Sitting down with Neil Harper and Robert Childers is a bit of a nostalgia trip as much as it is a conversational whirlwind. Having known each other since their early teens — Harper was 12, Childers was 14 — the two have plenty to talk about when it comes to past bands and adventures and their current project, 2013 Wolves.
"We've taken many psychedelic voyages throughout the galaxies and I've seen the rainbow of colors that have come out of Bobby's body," Harper says. Childers quickly follows with, "We've been all over the Southeast together ... it's kind of wild."
The two have been in a handful of bands together — No Commercial Value, Serpentor and Products of the System among them — but it's the Wolves that has lasted the longest. Having been together for nearly seven years, they've released two albums and, with Harper recently "retired" from owning The Milestone, the duo might pick up the pace.
"We'd like to record a new album this year, but we haven't really started on it yet. We have a few songs written," Harper says. "In 2008, we did a two-week tour, but that's about all we could do while I was running a club. We'll try to get on tour this year, at least for some shows."
Along with any touring possibilities for 2013 Wolves, Childers is also the drummer for Overmountain Men and the organizer of a new showcase that will feature musicians and art in one venue. The first one will take place on Jan. 29 at Tremont Music Hall and feature both of Childers' bands along with Andy the Doorbum, Hectagons and Jason Aswell. The artists being featured include Ronnie Farmer, Kelly Keith, Curtis Gaston and Childers' father, David.
"I think monthly might be a little too ambitious," Childers says of the showcase idea. "We could probably do it three or four times a year. We've done showcase things ever since we were really young. We've always liked to throw a few groups together that are different stylistically."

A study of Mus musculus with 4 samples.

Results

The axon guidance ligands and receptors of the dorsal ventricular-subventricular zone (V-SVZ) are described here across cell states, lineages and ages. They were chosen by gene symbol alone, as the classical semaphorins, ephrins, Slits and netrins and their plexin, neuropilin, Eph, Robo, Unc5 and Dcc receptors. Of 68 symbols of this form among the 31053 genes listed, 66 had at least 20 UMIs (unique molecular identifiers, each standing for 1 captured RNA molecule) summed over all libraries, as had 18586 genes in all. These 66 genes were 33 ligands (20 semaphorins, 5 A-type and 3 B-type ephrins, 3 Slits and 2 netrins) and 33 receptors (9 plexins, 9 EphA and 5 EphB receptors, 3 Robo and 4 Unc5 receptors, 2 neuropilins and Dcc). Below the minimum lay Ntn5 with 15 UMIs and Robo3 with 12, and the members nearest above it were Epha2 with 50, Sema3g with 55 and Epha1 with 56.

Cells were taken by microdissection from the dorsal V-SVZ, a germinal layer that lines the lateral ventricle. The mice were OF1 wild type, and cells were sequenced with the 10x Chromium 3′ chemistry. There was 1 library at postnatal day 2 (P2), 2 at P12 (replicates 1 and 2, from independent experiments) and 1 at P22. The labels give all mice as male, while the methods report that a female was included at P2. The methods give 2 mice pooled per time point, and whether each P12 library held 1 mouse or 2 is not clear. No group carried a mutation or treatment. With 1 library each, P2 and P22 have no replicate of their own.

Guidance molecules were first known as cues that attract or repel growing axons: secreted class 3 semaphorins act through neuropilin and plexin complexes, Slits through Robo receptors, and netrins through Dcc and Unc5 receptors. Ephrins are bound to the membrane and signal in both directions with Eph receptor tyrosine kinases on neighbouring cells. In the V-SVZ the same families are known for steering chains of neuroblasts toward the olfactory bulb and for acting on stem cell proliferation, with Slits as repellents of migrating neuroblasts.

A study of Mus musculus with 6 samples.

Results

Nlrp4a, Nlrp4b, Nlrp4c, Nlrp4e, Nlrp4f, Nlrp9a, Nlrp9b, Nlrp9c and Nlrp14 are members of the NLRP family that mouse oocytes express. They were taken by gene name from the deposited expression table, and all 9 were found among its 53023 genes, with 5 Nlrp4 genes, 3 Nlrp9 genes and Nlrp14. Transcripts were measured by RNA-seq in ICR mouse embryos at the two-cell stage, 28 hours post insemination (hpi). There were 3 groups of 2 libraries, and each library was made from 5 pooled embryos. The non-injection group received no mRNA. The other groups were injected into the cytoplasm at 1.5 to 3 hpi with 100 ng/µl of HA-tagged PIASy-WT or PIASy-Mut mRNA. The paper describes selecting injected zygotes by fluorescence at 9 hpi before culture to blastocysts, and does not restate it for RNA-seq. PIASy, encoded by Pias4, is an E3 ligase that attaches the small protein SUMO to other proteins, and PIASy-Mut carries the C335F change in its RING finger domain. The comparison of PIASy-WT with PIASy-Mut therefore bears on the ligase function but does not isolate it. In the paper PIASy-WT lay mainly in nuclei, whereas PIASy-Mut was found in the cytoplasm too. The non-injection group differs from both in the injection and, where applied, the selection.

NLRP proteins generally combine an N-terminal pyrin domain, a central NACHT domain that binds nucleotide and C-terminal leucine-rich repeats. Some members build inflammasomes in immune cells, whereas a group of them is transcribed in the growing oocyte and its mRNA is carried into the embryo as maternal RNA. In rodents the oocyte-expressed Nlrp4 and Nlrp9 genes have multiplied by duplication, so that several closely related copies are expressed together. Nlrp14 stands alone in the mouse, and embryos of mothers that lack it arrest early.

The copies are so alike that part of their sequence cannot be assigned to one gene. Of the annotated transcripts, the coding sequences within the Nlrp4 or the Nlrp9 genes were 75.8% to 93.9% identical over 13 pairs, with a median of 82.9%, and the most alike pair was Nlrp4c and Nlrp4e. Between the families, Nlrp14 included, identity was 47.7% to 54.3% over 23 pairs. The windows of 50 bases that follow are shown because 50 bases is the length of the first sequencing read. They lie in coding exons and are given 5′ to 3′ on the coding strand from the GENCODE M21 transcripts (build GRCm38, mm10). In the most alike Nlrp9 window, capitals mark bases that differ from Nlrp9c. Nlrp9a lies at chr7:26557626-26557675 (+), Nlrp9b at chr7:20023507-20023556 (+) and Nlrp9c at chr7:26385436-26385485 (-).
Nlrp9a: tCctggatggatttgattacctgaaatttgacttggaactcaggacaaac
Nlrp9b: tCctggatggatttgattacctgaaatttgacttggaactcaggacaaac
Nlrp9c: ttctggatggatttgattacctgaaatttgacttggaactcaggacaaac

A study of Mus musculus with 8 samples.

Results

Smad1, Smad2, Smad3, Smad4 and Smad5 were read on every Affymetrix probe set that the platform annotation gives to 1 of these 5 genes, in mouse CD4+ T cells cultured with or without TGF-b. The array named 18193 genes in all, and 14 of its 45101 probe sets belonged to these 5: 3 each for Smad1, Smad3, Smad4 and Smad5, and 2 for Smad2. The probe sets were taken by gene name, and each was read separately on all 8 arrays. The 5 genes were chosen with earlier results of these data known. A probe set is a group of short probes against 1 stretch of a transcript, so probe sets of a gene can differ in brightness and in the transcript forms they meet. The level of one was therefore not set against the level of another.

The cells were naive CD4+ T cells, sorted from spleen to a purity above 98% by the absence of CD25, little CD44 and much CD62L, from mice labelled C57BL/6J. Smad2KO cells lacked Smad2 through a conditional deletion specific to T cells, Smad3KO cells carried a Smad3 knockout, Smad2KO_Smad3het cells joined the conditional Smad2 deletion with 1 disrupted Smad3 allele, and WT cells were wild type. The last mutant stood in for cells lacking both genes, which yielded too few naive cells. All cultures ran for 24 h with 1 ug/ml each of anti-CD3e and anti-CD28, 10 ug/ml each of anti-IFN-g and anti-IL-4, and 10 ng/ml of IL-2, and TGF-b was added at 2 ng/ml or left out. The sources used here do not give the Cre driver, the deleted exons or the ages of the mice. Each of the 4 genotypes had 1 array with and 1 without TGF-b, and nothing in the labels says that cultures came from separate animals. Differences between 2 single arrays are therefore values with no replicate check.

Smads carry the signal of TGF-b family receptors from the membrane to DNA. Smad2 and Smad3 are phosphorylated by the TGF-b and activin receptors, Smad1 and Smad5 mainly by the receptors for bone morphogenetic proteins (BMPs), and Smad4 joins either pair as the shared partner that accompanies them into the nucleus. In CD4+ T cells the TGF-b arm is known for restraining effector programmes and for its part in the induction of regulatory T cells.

The words "different stylistically" not only describes the event, but the music of 2013 Wolves, as well. The band fuses elements of rock, blues, metal, country and punk with occasionally screamed lyrics, drums and a guitar with an octave pedal to broaden the sound. Perhaps it's something like The White Stripes, but fueled by PBR and a lot more testosterone.
Six years ago, the two decided it was easiest to just play as a duo instead of trying to find other members. Over the decades, Harper says, they always had trouble getting people who didn't have schedule conflicts or gig conflicts. "When it's just me and him, I can say, 'Do you want to practice?' and it's done," Harper says. And the band's goal is simple. "Really, I just want to warp kids' minds," Harper adds. "I want to tell them how being fat and watching lots of television will help you to survive the apocalypse."
The group quickly gained a name for itself by smashing a variety of things during its shows. This led to fans smashing things or expecting things to be smashed. The idea was dropped and the band has focused on the music ever since. It's just the future that they have to worry about.
"Neil and I are into survivalism ... They say the world will end in 2012. The Wolves are post-apocalyptic," Childers says. Harper adds, "I guess if the world doesn't end, we'll have to disband ... or change our name."
Or there's another option Harper, who has dreams of moving to Central America, jokes about. "I guess if the world doesn't end, I'll have to kill Bobby and then move to Costa Rica." Childers retorts, "I don't think that's a good plan. I'm against it."